Roy Higgins is being remembered as a masterful jockey, but more importantly a generous man who never tired of the sport he loved.
Higgins’ death on Saturday at the age of 75 was unexpected although he had suffered health problems since his retirement from the saddle three decades ago.
Trainer Pat Hyland, his former on-track rival and close friend, remembered him as a fierce competitor.
“He was a great friend. We saw a lot of one another but we were fierce rivals on raceday,” Hyland told Melbourne radio RSN.
“But he was a great jockey and a great bloke.
“I could tell stories about Roy forever and a day because we spent so much time together.
“He was a wonderful man for charity. And the people that he helped nobody would know about.
“I will miss him.”
Gerald Ryan, another who rode against Higgins before becoming a successful trainer, said Higgins had no peer.
“He was the best I’ve seen,” he said.
“He was a jockey, he was a fair dinkum jockey. He was a horseman first and then a jockey.
“I used to sit next to him in the jockeys’ room at Flemington and he was the best rider to follow in a race.”
Ryan said when he was young he had pictures on his wall of Light Fingers who gave Higgins his first of two Melbourne Cup wins and began the phenomenal run of trainer Bart Cummings who described him as “a very kind person and a very good ambassador for racing”.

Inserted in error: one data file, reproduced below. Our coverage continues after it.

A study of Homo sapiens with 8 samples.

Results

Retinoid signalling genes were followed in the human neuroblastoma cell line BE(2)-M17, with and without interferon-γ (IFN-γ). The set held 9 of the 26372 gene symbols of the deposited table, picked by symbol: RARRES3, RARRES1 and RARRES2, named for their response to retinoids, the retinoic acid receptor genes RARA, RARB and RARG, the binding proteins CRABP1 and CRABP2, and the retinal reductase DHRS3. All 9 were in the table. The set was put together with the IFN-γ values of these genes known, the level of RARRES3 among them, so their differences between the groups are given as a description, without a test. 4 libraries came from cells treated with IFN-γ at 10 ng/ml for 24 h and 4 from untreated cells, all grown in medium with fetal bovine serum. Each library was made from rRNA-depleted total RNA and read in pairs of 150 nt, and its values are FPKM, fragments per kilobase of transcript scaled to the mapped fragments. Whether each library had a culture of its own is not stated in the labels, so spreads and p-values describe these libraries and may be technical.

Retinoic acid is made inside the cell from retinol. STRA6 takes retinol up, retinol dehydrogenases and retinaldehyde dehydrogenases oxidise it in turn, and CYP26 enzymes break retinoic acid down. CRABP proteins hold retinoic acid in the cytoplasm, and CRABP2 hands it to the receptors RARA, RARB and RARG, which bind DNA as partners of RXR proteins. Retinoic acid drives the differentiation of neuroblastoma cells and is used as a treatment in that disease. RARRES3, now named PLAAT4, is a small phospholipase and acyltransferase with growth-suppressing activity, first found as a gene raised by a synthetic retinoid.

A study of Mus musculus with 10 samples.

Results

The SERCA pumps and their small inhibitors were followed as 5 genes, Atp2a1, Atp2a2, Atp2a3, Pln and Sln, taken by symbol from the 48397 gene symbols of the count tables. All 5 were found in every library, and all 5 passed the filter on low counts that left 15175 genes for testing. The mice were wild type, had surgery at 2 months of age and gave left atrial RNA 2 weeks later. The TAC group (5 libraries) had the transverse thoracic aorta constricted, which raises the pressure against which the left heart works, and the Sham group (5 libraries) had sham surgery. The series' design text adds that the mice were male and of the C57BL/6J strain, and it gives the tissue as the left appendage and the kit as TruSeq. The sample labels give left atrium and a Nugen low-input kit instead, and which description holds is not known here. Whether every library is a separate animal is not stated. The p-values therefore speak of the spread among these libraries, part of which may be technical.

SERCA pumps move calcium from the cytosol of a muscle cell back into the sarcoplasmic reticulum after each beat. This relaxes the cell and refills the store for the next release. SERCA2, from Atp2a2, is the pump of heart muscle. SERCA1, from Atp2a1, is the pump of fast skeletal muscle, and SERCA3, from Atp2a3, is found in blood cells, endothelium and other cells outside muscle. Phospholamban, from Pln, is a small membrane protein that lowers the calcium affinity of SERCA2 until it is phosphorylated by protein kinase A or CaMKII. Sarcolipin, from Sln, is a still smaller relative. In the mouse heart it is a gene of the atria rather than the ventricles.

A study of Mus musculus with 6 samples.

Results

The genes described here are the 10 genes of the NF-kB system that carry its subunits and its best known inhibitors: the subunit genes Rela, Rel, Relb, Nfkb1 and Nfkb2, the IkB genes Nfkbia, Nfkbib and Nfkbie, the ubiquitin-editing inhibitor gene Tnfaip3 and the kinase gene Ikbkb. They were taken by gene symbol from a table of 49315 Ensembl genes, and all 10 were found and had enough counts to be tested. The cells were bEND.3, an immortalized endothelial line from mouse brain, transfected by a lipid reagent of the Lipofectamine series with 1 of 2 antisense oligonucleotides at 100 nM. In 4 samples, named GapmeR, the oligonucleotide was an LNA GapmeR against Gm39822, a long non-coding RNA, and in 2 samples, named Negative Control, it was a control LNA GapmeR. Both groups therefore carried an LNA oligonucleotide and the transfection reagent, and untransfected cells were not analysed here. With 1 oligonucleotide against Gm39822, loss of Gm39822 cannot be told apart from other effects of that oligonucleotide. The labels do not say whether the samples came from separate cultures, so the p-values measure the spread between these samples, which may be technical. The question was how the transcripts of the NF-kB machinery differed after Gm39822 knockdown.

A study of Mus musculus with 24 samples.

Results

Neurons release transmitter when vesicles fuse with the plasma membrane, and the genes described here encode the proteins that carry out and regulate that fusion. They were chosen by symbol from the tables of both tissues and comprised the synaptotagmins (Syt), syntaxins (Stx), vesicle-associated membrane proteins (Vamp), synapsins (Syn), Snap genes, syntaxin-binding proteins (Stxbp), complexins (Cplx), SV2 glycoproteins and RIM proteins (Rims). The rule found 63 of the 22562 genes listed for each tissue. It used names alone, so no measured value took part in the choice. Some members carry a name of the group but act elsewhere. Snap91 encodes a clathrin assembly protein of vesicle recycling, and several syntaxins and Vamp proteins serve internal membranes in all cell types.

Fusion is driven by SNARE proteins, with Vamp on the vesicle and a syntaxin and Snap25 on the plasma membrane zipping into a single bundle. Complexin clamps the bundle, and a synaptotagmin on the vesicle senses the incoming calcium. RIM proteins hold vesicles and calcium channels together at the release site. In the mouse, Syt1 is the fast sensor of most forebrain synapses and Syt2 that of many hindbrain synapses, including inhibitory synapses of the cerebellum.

Both Higgins and Cummings were among the inaugural inductees to the Australian Racing Hall Of Fame.
Higgins’ death came just a day before this year’s ceremony in Canberra and Australian Racing Board chairman John Messara was among those to pay tribute to Higgins.
“Roy had a natural love and kindness for horses and they responded accordingly in his hands,” Messara said.
“I knew Roy personally and found him to be extraordinarily knowledgeable about horses and the industry.
“Roy Higgins was an outstanding man whose contribution to Australian racing is of historical proportions.”
Racing Victoria chief executive Bernard Saundry said Higgins’ achievements on the track were only bettered by his strength of character and generosity.
“Roy was an icon of Australian racing but more importantly was a true gentleman who always went out of his way to help others,” Saundry said.
“On the track his record speaks for itself … but more important was the role Roy Higgins played in so many people’s lives throughout the racing industry.
“He always had time for people who wanted to learn about racing and he was a great mentor to generations of young jockeys.”
Among those young jockeys was Damien Oliver, one of just four jockeys to have won 100 or more Group One races, the others being Higgins, George Moore and Jim Cassidy.
“When I was young I rode a horse for one of his syndicates and I got beaten,” Oliver said.
“He took me aside and told me what I had done wrong and put me on again.
“That’s the sort of person he was.”
Victorian premier Dr Denis Napthine, who is also the Racing minister, said Higgins was a true champion.
“He was an outstanding jockey, he just knew how to pace a horse, he knew how to balance a horse … but also a great promoter of racing,” he said.
“We’ve lost a true champion of the turf.”
Racing Victoria will look at a permanent tribute to Higgins, possibly in the form of a medal for the winner of the Melbourne premiership, something Higgins accomplished 11 times.